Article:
Born Natasha D. Smith in Sussex, England in 1906, Natasha Boyd moved to North America with her sister and mother in 1912. Although destined for Canada, the open plains of northern Montana viewed during the train ride across the northern United States captured their hearts. There they settled and farmed the land. Drought and changes in the food markets brought on by WWI forced the women off their land. With Natasha and her sister on horseback and their mother driving the team and wagon, the three journeyed across the Great Divide to a new home in rural Idaho. This was a pivotal journey in Natasha's life, awakening a deep sense of connection to the natural world.
Natasha enrolled in the University of California at Berkeley , where in 1938 she earned a Master's degree in Paleontology, the study of prehistoric life. Her studies took her to many undeveloped areas throughout the western states, and gave rise to a deep commitment to the conservation of wildlife and their habitat. For the rest of her life this conservation ethic inspired Natasha's work, writing, and art. Believing human relationships are as important as those among living things in nature, Natasha was also deeply committed to people and communities.
After graduation she joined the US Army Corps where, among other postings during WWII, Natasha participated in the rehabilitation of disabled soldiers by teaching them art. She eventually returned to civilian life and attended the University of Denver. Her 1951 dissertation on Interpersonal Communications led her to become one of only a few women to earn a doctorate in the 1950's. During her PhD studies Natasha met and married Carl Boyd, with whom she later adopted two children, Charlene and Dan. Their shared sense of adventure led them to travel widely and make their home throughout the western states. While in Colorado, Natasha advocated for wilderness protection, believing its loss was a loss to humanity.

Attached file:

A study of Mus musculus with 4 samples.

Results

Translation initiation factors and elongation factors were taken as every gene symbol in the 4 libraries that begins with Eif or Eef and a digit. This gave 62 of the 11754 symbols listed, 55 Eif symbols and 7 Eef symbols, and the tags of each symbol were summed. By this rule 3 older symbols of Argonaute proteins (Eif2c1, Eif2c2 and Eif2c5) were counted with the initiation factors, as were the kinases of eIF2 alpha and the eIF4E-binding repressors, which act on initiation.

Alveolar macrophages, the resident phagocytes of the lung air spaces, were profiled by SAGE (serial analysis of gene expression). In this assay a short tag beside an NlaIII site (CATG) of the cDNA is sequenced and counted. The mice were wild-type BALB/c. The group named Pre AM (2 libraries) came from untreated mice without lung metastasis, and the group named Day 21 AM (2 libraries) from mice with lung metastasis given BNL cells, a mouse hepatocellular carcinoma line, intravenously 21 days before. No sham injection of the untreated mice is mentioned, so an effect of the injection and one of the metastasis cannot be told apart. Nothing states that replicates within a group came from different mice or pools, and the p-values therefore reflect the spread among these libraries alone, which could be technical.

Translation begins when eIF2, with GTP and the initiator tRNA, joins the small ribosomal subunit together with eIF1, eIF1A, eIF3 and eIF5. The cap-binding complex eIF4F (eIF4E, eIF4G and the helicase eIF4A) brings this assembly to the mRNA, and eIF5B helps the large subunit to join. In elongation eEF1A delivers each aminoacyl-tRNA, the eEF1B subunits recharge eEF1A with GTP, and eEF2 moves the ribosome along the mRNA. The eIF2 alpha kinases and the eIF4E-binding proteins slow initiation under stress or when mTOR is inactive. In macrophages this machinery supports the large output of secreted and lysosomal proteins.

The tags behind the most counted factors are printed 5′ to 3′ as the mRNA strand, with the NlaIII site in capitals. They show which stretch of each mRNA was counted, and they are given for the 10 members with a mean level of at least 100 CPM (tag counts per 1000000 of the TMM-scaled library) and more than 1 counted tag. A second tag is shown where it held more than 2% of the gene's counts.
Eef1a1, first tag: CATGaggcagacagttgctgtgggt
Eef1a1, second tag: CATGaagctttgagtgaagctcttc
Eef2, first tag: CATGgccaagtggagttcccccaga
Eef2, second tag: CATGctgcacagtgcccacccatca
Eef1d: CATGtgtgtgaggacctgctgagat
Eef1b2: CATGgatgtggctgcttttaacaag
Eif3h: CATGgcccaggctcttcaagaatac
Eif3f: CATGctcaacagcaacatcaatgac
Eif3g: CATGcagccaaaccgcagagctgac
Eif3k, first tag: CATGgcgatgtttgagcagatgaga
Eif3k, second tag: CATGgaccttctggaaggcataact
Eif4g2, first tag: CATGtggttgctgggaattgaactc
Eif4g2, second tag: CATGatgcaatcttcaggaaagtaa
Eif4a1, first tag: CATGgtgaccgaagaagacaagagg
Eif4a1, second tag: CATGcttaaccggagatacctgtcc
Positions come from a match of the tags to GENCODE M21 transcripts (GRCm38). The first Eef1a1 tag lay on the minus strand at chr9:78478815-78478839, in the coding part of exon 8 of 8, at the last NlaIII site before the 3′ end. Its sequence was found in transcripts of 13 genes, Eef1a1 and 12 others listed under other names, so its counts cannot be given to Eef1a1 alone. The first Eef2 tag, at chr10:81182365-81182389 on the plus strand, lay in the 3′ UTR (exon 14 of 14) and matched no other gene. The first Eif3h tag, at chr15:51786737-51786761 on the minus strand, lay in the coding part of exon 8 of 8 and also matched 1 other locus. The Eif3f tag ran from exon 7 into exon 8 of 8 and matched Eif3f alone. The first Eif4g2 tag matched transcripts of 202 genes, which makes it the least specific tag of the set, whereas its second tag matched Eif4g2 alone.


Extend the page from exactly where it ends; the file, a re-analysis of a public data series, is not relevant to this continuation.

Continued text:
The wild beauty of the Robson Valley drewNatasha and Carl to settle here 1973. During this time Natasha traveled extensively throughout BC's wilderness and into the far north, devoting much of her time to painting wildlife in its natural habitat. Natasha was also deeply committed to her community. She was active in the Blackwater Producers Cooperative and helped establish the McBride Arts Council. Countless people in the Robson Valley were profoundly affected by her compassion for others and her dedication to community. The Natasha Boyd Wetland Conservation Area is in memorial to a woman of inspirational strength, integrity and passion.